Cisco Rolls Out New Linux Switches for Small Business Networks

Over the course of the last two years, networking vendor Cisco has been upgrading and expanding its small business networking offerings. That effort continues this week with the launch of a new lineup of managed switches and updated VoIP phones specifically gears for small business networkingenvironments.

Among the new products is the Cisco 300 series of managed switches which expand Cisco’s small business switching portfolio beyond the unmanaged Cisco 100 serieswhich debuted earlier this year.

As is the case with nearly all of Cisco’s small business networking gear, the Cisco 300 series uses the Linux operating system instead of Cisco’s enterprise IOS operating system. For Cisco, Linux offers a key differentiator when it comes to targeting small business needs.

“Because of Linux we’re able to develop a programming interface to the product GUI’s that allows for a lot less time to be spent by our partners, for training on how to configure a device,” Mark Monday, vice-president and general manager of Cisco’s small business technology group told “What we find in this market is that partners value quickness and simplicity. It is an enabler for us to simplify the product for our customer and our partners.”

Among the features that Cisco is baking into the Cisco 300 series of managed switches is a feature called the FindIT toolbar. The FindIT toolbar is a browser add-on for Microsoft’s Internet Explorer and the Mozilla Firefox browser that enables users to discover switches that may be on a small business network.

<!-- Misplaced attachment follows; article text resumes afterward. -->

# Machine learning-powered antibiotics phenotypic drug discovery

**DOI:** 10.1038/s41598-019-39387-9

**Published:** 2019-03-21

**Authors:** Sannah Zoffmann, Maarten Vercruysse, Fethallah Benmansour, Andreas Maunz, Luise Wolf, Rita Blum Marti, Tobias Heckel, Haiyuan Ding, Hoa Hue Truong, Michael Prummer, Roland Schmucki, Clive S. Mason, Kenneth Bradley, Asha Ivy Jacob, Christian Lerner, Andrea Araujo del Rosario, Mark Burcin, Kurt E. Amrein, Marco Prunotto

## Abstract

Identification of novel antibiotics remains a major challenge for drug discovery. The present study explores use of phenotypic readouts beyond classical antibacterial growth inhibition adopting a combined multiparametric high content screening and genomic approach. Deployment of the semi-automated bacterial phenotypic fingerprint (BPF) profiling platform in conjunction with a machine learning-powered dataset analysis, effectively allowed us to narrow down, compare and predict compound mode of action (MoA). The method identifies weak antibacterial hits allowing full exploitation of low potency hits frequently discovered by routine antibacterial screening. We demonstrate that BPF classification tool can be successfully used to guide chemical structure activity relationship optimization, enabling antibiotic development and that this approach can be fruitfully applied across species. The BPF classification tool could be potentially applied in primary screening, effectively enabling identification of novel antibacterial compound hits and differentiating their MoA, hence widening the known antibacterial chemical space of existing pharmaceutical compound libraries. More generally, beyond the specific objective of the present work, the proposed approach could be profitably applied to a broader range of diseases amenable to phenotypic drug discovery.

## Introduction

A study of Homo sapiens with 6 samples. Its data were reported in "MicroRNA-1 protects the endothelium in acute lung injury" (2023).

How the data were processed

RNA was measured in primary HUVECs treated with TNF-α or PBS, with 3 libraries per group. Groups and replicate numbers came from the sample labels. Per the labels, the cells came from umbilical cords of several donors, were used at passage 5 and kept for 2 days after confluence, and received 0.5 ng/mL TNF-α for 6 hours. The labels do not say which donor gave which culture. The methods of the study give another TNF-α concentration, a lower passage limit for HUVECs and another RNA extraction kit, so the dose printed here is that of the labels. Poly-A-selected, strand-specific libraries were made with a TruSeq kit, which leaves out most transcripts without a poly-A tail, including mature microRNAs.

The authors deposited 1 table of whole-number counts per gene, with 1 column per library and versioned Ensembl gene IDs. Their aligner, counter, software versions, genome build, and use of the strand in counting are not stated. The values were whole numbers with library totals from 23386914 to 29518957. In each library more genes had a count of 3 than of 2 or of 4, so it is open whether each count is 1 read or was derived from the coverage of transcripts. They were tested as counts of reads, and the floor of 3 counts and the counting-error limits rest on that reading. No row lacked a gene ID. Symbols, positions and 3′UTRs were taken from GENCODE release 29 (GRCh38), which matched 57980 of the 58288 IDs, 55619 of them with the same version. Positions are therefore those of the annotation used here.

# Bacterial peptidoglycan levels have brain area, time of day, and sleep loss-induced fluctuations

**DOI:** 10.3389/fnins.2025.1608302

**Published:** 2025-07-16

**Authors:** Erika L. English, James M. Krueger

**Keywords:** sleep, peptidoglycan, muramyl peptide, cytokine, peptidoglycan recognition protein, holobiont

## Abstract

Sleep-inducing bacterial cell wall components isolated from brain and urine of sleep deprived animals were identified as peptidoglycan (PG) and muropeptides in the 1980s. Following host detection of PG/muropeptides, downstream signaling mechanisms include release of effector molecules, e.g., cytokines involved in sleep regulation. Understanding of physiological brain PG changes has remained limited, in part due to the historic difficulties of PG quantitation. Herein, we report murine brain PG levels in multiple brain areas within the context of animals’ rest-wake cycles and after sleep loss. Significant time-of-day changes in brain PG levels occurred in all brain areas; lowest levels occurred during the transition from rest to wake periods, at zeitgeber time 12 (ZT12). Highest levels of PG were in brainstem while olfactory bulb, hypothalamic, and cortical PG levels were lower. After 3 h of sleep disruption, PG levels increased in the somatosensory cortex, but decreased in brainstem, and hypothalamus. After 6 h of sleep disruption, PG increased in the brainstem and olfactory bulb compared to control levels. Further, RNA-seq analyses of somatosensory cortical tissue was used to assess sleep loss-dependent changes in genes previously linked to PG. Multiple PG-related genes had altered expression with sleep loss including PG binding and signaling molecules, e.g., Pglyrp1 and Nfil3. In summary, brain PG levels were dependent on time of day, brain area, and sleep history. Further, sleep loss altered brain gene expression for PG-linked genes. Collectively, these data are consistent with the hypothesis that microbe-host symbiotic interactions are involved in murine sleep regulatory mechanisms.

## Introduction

“The challenge for small business sometimes is how to find the network device in order to go and configure it,” Monday said. “FindIT allows the user to find Cisco and other network devices, and then you can click through to get to the management page for the device. It takes the ugliness out of trying to search through IP addresses to find the box.”

Another feature that Cisco is including with 300 series switch is support for the next-generation IPv6 addressing space. The current IPv4 address space is nearing exhaustion, however to date, adoption in North America has been minimal.”From either small business customers or VARs (Value Added Resellers) for the most part there is no request for this functionality,” Monday said. “It is a future-proofing item, however when we talk to our service-provider partners that’s different. They do understand the need for IPv6, and they’re starting to demand it in devices they ship.”

As part of the small business networking gear evolution, Cisco is continuing its transition from the Linksys name for its small business switching products to Cisco branded gear.

“Previous to this, for Cisco small business we had brought over and were carrying some Linksys small business networking products,” Monday said.

In addition to the Cisco 300 switches, Cisco is also expanding its portfolio of IP phones for small business with the new SPA 525G2 device. Monday noted that Cisco already has a 525 model IP phone in the market and the new device is the second generation of the product, providing new capabilities. One such new capability is a technology called MobileLink which expands the Bluetooth capabilities of the phone.

“Certainly you can use a Bluetooth headset with the phone but with MobileLink we now allow a cellular phone to pair to the 525G2,” Monday said. “So now when I’m on a call with my cell phone and walk into my office, I can just hit the speaker button on my IP phone and it becomes the headset for my cell phone. We can also import the phone books from the cell phone to the IP phone.”

Sean Michael Kerner is a senior editor at, the news service of, the network for technology professionals.